From urban food forests and indoor aquaponic farms to roof gardens on top of supermarkets, urban beekeepers and regenerative farms on the outskirts of cities: when it comes down to sustainable urban agriculture, the possibilities are endless. But no matter what form(s) a city chooses to embrace, they all have similar ecological, social and economic benefits.
Everywhere around the world, city planners, mayors and other urban developers are faced with urgent societal challenges. How can I make my city a cooler and more climate resilient place? How will we provide an ever-growing group of urban dwellers with access to fresh, nutritious and sustainable food? And how can we create more livable urban environments?
As it turns out, urban agriculture could hold the answer to all of these (and many more) questions. Here are eight reasons why urban developers and engaged citizens alike should embrace sustainable urban agriculture:
1) Healthy food security
Having access to fresh and nutritious food is not a given for many urban dwellers, both in cities and slums alike. By growing fresh produce in cities, we can put a stop to Food deserts are regions where people have limited access to healthy and fresh food. This may be due to having a low income or having to travel farther to find healthy food options. More info: and food insecurity, enabling hundreds of thousands of people to swap processed meals (or in some cases no meals at all) with fruit and veg.
2) Greener cities, happier people
Recent studies from the University of Wisconsin and the University of Exeter confirm what many scientists have suspected for years: there is a strong correlation between people’s wellbeing and urban green spaces. Not only do residents claim to be happier when their neighborhoods are greener, it also improves their physical and mental wellbeing. And what better way to greenify your city than by turning it into one big edible urban food forest?
3) Boosting biodiversity
Speaking of which: Urban food forests are diverse ecosystems that mimic natural forests. The different layers of a food forest, ranging from tall fruit and nut trees to fruit bearing shrubs and bushes, vines, roots and other ground-hugging plants, offer a variety of fresh, local, organic produce. are a great way to boost biodiversity whilst providing urban dwellers with fresh, local and organic produce. But food forests are not the only type of urban agriculture that can boost biodiversity in cities. From urban beekeeping to regenerative farms: almost all forms of sustainable urban agriculture hugely enrich a city’s ecosystem.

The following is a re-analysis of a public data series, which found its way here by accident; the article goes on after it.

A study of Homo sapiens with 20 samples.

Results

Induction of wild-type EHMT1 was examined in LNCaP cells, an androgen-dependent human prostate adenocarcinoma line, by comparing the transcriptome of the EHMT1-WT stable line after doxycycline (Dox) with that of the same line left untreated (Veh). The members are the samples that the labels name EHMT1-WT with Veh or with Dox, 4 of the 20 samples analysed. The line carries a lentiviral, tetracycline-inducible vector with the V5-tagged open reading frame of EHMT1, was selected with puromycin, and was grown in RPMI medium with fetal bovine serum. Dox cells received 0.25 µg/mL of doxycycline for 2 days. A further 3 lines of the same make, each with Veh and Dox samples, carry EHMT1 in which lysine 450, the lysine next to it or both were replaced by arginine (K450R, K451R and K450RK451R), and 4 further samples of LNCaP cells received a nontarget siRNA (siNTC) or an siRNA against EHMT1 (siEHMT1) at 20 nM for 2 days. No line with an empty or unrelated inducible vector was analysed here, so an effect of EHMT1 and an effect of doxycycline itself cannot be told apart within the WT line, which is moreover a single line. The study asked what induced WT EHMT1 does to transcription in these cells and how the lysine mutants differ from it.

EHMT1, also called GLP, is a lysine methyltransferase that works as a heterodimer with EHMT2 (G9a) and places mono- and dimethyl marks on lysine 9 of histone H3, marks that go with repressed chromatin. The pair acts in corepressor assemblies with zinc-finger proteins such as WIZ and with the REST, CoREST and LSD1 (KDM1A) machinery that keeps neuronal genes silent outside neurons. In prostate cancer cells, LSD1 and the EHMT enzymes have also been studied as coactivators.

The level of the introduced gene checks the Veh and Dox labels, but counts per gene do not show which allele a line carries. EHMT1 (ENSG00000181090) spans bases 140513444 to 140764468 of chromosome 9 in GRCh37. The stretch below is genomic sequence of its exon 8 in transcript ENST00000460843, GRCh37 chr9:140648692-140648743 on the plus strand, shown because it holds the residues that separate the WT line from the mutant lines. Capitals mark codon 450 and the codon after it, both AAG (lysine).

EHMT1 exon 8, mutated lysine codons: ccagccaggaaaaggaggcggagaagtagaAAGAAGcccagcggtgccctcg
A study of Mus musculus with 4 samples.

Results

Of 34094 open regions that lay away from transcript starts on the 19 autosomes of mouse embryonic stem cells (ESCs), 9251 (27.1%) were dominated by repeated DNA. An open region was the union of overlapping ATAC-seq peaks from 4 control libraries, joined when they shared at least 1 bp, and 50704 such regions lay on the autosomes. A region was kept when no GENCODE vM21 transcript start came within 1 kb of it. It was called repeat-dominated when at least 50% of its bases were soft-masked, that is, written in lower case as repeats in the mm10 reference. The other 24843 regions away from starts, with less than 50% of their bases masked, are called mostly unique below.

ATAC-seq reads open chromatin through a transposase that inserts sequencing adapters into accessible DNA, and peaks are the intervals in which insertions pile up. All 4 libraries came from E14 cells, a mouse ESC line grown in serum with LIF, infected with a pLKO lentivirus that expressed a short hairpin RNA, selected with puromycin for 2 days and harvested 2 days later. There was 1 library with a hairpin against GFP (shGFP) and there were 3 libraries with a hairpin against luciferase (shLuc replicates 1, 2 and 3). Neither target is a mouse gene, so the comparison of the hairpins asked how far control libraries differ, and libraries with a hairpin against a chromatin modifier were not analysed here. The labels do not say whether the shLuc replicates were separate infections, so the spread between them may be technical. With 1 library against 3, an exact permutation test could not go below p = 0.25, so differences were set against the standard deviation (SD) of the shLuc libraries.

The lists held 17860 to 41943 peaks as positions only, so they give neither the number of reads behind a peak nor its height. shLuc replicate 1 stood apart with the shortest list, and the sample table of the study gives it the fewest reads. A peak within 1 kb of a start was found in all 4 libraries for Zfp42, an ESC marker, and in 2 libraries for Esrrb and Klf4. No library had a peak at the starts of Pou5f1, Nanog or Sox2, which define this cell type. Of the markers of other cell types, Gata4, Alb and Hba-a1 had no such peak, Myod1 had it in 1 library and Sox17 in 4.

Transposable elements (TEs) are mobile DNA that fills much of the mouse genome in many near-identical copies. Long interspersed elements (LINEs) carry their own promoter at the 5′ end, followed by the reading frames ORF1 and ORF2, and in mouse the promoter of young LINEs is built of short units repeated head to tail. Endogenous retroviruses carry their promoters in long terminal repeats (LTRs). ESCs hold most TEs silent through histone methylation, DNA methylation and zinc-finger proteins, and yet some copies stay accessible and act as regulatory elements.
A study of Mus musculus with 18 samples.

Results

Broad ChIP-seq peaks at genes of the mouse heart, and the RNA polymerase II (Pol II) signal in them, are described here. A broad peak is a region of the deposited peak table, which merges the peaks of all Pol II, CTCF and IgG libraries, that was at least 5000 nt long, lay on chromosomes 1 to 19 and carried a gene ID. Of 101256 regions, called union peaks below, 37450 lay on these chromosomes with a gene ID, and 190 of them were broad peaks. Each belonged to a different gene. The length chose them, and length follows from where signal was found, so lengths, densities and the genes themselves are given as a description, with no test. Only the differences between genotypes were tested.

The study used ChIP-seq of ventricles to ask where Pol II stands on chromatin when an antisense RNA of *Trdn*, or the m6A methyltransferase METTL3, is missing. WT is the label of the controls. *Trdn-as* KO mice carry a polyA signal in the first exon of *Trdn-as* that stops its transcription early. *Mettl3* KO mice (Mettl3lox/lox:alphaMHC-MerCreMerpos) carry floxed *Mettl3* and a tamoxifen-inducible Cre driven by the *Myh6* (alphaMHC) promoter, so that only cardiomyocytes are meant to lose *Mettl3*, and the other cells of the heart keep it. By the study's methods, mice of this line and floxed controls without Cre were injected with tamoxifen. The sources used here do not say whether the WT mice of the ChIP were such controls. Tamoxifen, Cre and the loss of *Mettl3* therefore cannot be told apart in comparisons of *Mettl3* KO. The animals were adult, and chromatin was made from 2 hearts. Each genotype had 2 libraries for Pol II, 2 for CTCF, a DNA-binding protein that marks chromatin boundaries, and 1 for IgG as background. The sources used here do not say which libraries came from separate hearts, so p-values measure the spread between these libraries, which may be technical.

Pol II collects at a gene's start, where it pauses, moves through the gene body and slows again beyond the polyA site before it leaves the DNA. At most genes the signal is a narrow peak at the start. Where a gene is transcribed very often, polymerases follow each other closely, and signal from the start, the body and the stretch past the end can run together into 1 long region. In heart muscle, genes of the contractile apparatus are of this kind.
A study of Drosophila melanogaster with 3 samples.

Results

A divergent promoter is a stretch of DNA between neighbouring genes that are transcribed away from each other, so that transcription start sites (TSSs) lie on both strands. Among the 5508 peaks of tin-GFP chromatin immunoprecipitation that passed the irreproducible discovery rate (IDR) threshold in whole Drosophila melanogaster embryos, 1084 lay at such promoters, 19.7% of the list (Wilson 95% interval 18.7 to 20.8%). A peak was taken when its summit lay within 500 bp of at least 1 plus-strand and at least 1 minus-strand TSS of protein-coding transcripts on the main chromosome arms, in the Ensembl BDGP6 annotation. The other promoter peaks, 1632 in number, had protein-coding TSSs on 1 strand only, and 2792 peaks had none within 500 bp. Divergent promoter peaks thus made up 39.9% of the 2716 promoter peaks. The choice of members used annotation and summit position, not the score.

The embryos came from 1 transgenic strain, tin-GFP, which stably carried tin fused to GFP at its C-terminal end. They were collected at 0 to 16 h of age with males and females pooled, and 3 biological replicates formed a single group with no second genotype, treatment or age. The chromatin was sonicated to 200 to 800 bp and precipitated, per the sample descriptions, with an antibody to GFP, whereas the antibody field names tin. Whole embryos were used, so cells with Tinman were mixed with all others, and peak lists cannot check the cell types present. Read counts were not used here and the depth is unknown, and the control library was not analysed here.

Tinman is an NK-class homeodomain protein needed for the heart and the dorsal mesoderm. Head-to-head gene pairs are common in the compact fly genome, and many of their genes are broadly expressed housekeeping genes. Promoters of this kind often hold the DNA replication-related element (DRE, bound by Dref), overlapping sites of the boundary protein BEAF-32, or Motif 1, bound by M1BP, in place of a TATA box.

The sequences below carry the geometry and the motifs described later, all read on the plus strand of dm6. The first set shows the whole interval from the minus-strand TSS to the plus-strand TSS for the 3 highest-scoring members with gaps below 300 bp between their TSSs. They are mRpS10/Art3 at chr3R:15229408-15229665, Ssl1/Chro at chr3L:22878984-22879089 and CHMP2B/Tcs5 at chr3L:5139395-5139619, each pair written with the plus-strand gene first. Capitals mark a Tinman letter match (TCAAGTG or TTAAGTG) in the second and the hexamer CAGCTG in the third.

4) Less food waste
Roughly a third of the world’s food is never eaten, making land and resources used and greenhouse gases emitted in producing it unnecessary. By bringing sustainable food production back to (mega)cities, we can close the gap between farm and fork and reduce spillage that occurs along the way. In addition, urban agriculture makes it possible to create circular networks on a city level – like this enterprise does in the Dutch city of Utrecht – enabling both civilians and businesses to make use of each other’s ‘waste’ streams.
5) Saving water through sustainable urban agriculture
In a world with rising temperatures and longer periods of drought, fresh water is becoming increasingly more scarce. By reusing the city’s wastewater to irrigate crops and capturing rain water on green roofs, we can save and protect this ecosystem service that is crucial to all life on Earth.
6) Climate resilience
By 2050, over six billion people will live in cities. In order to mitigate the effects of climate change in these urban environments – such as floods, droughts and heat waves – according to the University of Wageningen, nature-based solutions like green roofs, green facades, green spaces and urban forests are promising solutions. And of course, wherever you read ‘green’, you can easily read ‘green and edible’.
7) Closing the gap between farm and fork
The lack of connection between people and food is causing many social and ecological challenges. From obesity and biodiversity loss to inadequate animal wellbeing; we’ve lost grip on how our food is being produced and thereby on the consequences of its production methods. In addition, our awareness of what it takes to produce healthy, local and sustainable food has disappeared. And with it our willingness to pay a fair price.
By bringing sustainable food production back to cities, we can close the gap between farm and fork. So-called Community Supported Agriculture farmers are playing an interesting role in this matter – since they do not only invite consumers onto their farm, but are in fact making them part of it.
8) Jobs and future perspective
And last but not least, sustainable urban agriculture has the potential to pick up whole communities by providing people with honest jobs and perspectives for the future. Sounds interesting? This is exactly what RecoveryPark is doing in Detroit.